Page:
Crime Library: Criminal Minds and Methods

The Contract Murder of Kathryn Ann Martini-Lissy

Kathryn

Kathryn Ann Martini-Lissy had the lineaments of a successful, up-and-coming young businesswoman in the highly competitive banking profession. She was young, 26, attractive, ambitious and highly motivated. Raised in the suburbs of New York City, Kathy graduated from Yale University with a major in economics, where she also did well as a diver on the women's swim team. After Yale, she entered the Bank of Boston's loan officer training program and, after successful completion of the bank's curriculum, was transferred to Portland, Ore., where she became one of the Bank of Boston's first female commercial loan officers specializing in transactions in excess of half a million dollars. There was little doubt in the mind of anyone who knew her that the good-looking brunette was intelligent, ambitious, and highly motivated to succeed. Her mentors knew right away that she possessed the ingredients to succeed in the business.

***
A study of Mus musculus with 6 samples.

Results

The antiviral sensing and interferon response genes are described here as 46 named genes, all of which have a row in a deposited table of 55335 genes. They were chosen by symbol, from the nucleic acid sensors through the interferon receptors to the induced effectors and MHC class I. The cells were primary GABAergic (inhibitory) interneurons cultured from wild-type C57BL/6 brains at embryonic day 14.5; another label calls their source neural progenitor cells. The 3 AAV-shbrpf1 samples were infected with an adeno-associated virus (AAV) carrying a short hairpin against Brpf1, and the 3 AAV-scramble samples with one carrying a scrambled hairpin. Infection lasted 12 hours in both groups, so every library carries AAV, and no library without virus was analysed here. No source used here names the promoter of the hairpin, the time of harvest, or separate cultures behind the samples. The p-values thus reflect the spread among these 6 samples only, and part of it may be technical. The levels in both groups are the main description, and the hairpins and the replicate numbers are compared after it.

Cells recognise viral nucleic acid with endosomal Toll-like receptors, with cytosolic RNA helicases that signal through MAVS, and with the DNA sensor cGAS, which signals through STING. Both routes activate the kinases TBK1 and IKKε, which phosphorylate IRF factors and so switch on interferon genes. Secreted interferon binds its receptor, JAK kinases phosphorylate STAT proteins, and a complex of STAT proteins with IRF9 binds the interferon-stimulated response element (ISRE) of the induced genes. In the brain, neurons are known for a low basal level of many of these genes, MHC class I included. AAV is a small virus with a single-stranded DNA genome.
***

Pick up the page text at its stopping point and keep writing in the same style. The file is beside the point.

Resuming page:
Shortly after her arrival in Portland, Kathy joined the network of Business and Professional Women of Portland. She gave generously of her time, as was her trait. Two years later, she was elected president of the organization.

"I looked at her and said, 'Wow! This is an example of what women can do today,'" said an associate of Kathy's in the organization. "She's what you would visualize if you had to pick a representative of a successful, young business person today. Everything in her life seemed to be golden."

Indeed. Kathy enjoyed a good salary at her job, traveled with all expenses paid, drove a nice sports car, and lived in a luxurious condominium that she shared with her husband in the affluent Portland suburb of Lake Oswego overlooking the town's eponymous lake. She was married to man who ran his own scuba and wind-surfing equipment centers, and who was known as a graduate of Harvard and Oxford universities and held diving contracts with the Department of Defense. It all seemed too good to be true, and perhaps it was. But her golden dream didn't end until her life was unexpectedly cut short by a sinister plot of greed and deceit.